That’s what Jason Targoff, an engineer in Cambridge, Massachusetts, thought 10 years ago when his son, Lou, was 8 years old. “My wife and I definitely didn’t want to do travel.”
Targoff stepped in and ran Lou’s in-town third- and fourth-grade soccer league instead. Not sure exactly what to do, Targoff started the season with a round-robin tournament in which the teams were named after soccer countries such as Italy and Cameroon.
“The kids loved it. So we kept the same teams for the whole year.”
Targoff and the folks at Cambridge Youth Soccer (CYS) made some improvements for the next season. They bought better shirts for the in-town teams and changed the language on the league website so that it didn’t seem that all the good players played for the town’s travel teams.
After Targoff became president of CYS eight years ago, “the growth in excitement about in-town play” started to build. The number of in-town players has almost tripled to more than 1,500 kids.
Many kids and parents find it is more fun to compete with and against kids from their Cambridge community than to play against kids more than an hour away.
In addition, more and different types of kids are able to play because it is easier for them to get to the practices and games. Because the practices and games are all on Cambridge fields, Targoff said, “some kids [can] walk or take their bike.” And the in-town league is much less expensive than travel and club teams.
The in-town teams play seven-on-seven games on smaller fields. It allows all the players to get more “touches” of the ball. That’s because Targoff thinks kids “learn to play by playing.”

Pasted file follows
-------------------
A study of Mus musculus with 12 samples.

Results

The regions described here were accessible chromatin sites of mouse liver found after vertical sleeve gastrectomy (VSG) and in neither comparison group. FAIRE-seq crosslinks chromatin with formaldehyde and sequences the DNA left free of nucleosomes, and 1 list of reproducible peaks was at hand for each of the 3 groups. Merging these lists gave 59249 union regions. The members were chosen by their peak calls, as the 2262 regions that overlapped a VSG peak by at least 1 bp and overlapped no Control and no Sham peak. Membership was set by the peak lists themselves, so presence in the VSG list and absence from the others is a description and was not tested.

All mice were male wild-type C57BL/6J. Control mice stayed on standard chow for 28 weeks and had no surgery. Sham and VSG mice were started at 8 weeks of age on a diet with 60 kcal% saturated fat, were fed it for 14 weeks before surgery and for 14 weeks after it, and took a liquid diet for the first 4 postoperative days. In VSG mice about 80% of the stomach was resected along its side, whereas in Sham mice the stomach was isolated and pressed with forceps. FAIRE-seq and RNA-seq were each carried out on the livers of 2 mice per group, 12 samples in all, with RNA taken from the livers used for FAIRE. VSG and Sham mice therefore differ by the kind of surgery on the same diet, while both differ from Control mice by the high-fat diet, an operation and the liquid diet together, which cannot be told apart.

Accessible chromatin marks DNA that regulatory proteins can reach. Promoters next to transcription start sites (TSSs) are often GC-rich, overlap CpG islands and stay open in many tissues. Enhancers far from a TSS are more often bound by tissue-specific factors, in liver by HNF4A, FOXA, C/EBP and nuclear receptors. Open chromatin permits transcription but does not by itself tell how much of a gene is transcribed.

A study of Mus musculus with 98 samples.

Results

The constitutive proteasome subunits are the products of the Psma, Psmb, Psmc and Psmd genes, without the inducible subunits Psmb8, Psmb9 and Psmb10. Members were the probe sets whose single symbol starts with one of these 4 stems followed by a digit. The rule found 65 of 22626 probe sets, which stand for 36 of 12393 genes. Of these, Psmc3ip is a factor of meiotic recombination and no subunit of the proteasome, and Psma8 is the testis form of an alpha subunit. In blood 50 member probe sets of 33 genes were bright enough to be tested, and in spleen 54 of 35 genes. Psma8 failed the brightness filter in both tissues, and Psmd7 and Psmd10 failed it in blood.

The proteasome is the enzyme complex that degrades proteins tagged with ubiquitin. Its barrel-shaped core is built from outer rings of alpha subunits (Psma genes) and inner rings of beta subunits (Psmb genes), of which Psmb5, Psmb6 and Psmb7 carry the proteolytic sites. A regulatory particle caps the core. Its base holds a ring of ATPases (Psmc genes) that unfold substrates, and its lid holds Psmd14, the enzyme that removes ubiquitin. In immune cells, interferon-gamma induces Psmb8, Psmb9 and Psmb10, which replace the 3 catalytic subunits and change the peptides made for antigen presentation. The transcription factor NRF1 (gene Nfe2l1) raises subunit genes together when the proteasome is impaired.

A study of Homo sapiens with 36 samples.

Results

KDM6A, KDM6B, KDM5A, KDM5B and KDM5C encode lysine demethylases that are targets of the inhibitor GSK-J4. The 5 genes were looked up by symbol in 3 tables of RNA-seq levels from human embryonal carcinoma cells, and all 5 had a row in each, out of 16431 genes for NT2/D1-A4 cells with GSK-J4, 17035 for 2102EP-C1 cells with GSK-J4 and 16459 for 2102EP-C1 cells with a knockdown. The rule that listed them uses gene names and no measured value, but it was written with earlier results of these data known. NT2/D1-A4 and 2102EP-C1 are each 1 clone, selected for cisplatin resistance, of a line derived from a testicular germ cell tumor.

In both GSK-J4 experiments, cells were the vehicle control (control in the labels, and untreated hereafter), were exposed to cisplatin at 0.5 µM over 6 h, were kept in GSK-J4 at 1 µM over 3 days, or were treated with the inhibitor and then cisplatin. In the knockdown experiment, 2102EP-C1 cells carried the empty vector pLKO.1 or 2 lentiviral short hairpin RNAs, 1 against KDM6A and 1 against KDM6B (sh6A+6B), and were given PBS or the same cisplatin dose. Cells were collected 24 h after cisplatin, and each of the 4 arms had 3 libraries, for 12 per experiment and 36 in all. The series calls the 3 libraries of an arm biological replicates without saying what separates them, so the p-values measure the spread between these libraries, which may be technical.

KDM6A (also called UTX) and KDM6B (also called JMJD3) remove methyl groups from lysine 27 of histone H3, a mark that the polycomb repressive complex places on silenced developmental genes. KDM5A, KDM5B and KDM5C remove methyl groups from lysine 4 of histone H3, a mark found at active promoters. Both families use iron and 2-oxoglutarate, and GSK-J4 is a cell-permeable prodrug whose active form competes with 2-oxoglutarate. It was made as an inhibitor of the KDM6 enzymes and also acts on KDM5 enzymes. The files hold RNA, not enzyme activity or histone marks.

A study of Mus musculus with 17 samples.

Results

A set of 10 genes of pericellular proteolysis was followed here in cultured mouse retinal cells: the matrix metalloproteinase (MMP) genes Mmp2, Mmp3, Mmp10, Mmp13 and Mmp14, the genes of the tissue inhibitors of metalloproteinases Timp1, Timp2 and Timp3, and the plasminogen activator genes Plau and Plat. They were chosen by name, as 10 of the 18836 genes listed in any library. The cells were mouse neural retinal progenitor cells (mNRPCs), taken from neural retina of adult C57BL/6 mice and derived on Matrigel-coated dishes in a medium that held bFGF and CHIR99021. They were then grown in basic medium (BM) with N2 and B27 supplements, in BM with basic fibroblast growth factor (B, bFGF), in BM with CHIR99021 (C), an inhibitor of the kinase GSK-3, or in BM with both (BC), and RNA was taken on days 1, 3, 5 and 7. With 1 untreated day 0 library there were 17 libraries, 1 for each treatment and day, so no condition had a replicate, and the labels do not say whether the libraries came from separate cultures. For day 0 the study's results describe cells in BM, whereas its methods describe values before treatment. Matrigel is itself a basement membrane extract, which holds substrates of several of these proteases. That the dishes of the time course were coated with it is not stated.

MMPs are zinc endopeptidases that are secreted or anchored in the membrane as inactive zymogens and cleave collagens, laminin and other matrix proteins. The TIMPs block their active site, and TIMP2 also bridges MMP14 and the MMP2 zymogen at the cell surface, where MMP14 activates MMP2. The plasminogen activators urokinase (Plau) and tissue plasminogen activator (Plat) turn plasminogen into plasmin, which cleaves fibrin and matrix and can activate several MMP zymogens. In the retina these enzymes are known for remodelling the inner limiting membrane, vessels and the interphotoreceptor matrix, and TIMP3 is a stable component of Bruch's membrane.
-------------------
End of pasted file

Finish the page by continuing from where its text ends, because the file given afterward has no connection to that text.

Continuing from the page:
Kids in the league can still play on the CYS travel teams if they want, but they have to play on an in-town team, too. In-town players have one weekday practice and a game on Saturday. The travel team players just add on a second weekday practice and play a travel team game on Sunday.
Targoff says there’s nothing wrong with travel teams, but they “just don’t have to start at such early ages.”
Targoff and CYS are working on making the in-town leagues an even better experience by improving coaching and getting more girls to play.
Still, the CYS is a wonderful example of the benefits of in-town play. More kids having more fun playing with and against kids in their own community. It is, as Targoff says, “what youth sports should be.”
Bowen will be appearing at the National Book Festival at the Walter E. Washington Convention Center on Saturday at 11 a.m. and 1 p.m. with illustrator James Ransome.